Booksmart has had some phenomenal reviews. Empire Magazine gave the movie five stars putting it up there with other films they have given the maximum rating to like The Hurt Locker, LA Confidential, The Shawshank Redemption and Amadeus. Yep, Empire have effectively said that this film is as good as Amadeus.
The particularly interesting thing is that this sort of film doesn’t normally get five star reviews. It is a bawdy, high school party movie akin to Easy A and Superbad and while Empire sang the praises of both of those movies, they still only gave them a rating of four, one pentagram short of perfection.
Clearly this brings a certain level of expectation and I guess what I thought I was going to see was a story of two kids bringing the laughs as they navigated a fairly realistic depiction of teen life, something like The Perks of Being a Wallflower but with more funny one liners. I have to admit then to being surprised and maybe a little underwhelmed to find myself watching an exaggerated and cliched depiction of high school grads with more affectations than all the cast of Clueless and Meangirls put together. Sure, I was taken with the characterisations and performances of the central duo Amy and Molly but most of the kids in the film were not real people with real lives; they were movie people with Hollywood lives.
Stick with me though because about half an hour in I realised that this film is indeed brilliant and deserves all of the accolades and praise. The fact that it initially plays the genre game is part of why it works so well because it gives you what lots of similar films give and then weaves other stuff in to put it top of its class.
There are many moments in this movie that look familiar but then don’t play out as you’d expect. This is perhaps most obvious in a fumbled bathroom make out scene that is sweeter than you’d think then goes off in a different, perhaps more typical, direction only to swerve somewhere else later. (It should also be noted that this tryst is between two young women which even five years ago would have been a thing but now just isn’t.) There are also a couple of fantasy sequences that are simply superb and do not go where you think at any point.
Another aspect of Booksmart that you don’t commonly see is how it seamlessly allows you to get to know most of the subsidiary characters as real people not stereotypes. By the end there are no jocks or bitches, hippy chicks or shallow rich kids in the film, there is just a group of really likeable young adults all with their own challenges and stories to tell.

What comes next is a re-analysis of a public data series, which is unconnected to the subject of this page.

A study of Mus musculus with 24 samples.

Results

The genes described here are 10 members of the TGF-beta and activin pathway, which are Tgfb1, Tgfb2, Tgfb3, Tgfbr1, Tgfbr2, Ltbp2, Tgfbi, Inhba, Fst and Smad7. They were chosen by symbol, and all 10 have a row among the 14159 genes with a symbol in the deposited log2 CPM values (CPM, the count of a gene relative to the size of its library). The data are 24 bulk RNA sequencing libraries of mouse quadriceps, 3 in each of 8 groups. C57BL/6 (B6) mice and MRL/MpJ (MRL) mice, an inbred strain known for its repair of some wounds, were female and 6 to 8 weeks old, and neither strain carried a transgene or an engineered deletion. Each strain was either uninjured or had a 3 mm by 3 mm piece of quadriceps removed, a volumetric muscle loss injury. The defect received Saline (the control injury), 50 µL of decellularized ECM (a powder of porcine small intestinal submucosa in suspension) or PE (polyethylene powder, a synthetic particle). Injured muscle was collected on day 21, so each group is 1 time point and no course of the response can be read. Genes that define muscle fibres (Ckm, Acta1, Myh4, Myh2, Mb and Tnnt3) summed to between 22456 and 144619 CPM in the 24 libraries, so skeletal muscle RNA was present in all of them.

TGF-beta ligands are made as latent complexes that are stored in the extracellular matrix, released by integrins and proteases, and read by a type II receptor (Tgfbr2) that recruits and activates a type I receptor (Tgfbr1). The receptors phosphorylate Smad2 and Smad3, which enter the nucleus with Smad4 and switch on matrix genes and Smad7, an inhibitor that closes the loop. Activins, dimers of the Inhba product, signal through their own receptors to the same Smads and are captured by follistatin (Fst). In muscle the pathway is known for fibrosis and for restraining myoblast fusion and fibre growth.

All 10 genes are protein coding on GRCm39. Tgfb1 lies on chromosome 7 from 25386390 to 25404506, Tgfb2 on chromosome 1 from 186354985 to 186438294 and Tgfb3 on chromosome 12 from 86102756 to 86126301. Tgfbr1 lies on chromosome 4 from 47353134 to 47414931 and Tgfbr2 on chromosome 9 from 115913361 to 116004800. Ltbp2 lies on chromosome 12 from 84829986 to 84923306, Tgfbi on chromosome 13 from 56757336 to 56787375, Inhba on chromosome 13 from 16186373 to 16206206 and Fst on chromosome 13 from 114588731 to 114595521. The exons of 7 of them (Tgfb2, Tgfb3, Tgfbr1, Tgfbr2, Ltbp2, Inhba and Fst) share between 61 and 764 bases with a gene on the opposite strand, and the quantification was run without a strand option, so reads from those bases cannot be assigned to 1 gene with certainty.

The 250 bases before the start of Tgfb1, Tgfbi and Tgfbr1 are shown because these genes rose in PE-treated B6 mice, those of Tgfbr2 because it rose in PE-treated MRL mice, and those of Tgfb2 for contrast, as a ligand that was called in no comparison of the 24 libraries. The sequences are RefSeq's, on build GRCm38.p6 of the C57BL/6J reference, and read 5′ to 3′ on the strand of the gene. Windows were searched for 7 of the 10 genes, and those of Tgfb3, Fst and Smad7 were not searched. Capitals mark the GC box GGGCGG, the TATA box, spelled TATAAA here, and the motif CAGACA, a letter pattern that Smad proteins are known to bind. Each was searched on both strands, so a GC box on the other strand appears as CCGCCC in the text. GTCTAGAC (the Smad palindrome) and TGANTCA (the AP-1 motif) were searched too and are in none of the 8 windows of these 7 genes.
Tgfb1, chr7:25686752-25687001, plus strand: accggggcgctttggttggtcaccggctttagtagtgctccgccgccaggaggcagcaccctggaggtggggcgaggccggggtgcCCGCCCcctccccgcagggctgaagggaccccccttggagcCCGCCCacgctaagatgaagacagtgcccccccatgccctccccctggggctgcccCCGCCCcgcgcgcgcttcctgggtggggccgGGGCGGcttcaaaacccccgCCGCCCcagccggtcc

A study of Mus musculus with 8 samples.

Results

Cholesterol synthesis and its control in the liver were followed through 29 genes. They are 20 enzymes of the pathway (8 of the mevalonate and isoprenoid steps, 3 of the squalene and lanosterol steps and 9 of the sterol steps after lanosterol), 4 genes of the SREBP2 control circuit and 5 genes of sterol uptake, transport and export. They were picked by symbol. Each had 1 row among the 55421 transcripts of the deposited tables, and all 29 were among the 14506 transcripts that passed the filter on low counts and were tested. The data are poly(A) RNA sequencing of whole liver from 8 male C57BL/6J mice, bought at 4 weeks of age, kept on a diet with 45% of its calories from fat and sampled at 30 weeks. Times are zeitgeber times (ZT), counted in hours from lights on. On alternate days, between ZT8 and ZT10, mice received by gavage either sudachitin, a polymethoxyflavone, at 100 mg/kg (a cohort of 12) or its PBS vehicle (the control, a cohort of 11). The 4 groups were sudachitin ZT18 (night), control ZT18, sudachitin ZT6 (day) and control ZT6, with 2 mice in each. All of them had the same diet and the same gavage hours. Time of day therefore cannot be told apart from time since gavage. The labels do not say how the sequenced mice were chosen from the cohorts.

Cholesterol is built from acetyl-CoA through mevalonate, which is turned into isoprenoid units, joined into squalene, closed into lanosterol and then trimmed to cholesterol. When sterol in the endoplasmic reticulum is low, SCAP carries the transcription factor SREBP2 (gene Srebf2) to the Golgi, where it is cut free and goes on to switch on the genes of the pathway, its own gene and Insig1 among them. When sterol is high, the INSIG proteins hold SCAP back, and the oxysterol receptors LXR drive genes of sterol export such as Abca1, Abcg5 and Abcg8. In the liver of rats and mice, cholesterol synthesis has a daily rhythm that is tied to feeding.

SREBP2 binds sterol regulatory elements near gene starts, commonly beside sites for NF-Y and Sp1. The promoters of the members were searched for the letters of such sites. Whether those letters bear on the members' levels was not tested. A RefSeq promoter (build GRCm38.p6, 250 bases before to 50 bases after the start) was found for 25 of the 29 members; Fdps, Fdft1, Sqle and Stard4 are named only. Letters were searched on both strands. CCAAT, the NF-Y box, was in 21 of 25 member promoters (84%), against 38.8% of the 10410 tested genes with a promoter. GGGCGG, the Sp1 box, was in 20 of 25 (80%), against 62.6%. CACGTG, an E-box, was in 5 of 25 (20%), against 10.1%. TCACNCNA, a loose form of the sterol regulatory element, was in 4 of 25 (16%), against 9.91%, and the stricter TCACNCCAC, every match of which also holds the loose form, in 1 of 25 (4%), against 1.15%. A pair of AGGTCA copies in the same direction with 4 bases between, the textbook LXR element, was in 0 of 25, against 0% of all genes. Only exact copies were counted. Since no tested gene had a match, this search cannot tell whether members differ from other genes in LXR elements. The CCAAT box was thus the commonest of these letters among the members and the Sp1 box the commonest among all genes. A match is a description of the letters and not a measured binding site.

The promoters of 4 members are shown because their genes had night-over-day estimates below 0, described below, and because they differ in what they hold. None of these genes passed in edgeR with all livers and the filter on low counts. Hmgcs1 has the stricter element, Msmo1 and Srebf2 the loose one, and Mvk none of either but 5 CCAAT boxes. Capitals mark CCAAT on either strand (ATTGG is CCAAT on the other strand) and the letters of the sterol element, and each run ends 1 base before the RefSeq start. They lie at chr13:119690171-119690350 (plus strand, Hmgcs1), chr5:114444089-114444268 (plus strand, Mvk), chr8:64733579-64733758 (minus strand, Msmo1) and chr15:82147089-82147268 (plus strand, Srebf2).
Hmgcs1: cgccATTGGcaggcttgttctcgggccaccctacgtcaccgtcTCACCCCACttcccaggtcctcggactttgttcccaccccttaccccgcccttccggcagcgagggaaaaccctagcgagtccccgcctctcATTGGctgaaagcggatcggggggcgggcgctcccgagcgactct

The real bonus here though is the magnificent central relationship between the wonderful female leads. Female friendship on screen is rare enough, especially in this type of film, but actually a friendship this genuine, of any gender make up, is particularly special. The way Amy and Molly play off one another, support one another, root for one another, depend on one another, trust one another and love one another is simply beautiful and it is impossible not to get drawn in to it. Because of this Booksmart is a genuinely touching piece of cinema and no matter how exaggerated things get around them this heartwarming connection stays at the heart of the film. Put simply, as a viewer you care about deeply these girls so you care deeply about the film. In many respects it might be a 2019 version of Animal House but this movie will warm you emotionally like it’s the world’s best romcom. It’s like Thelma & Louise only instead of driving across America, holding up convenience stores and pitching themselves into the Grand Canyon, they just go to a party.
Credit has to go then to Kaitlyn Dever and Beanie Feldstein who play Amy and Molly. I was introduced to the brilliance of Kaitlyn Dever at precisely the same time that I was introduced to the brilliance of Brie Larson while watching the film Short Term 12 six years ago. I first saw the superb Beanie Feldstein sixteen months ago opposite Saoirse Ronan in Ladybird. Both young women truly excel here though and Larson and Ronan style careers may well follow for them as they did for their previous co-stars.
The success of Booksmart is equally down to female director Olivia Wilde and her all female writing team. This is a spectacular debut from Wilde who not only knows character but shows a confident command of every aspect of the film maker’s paintbox. The shot composition in the film is yet another thing that earns it that extra star. If Dever and Feldstein are the new Larson and Ronan then Olivia Wilde might be the new Greta Gerwig.
Everyone should see Booksmart and they should see it with their closest high school friend because it is a celebration of the particular type of relationships you form in your teens to get you through. If school is a long way in your past it doesn’t matter, message that person on Facebook right now and drag them out because you shared something special back then and you should share this film now.
See it either way. It really is as good as they say it is.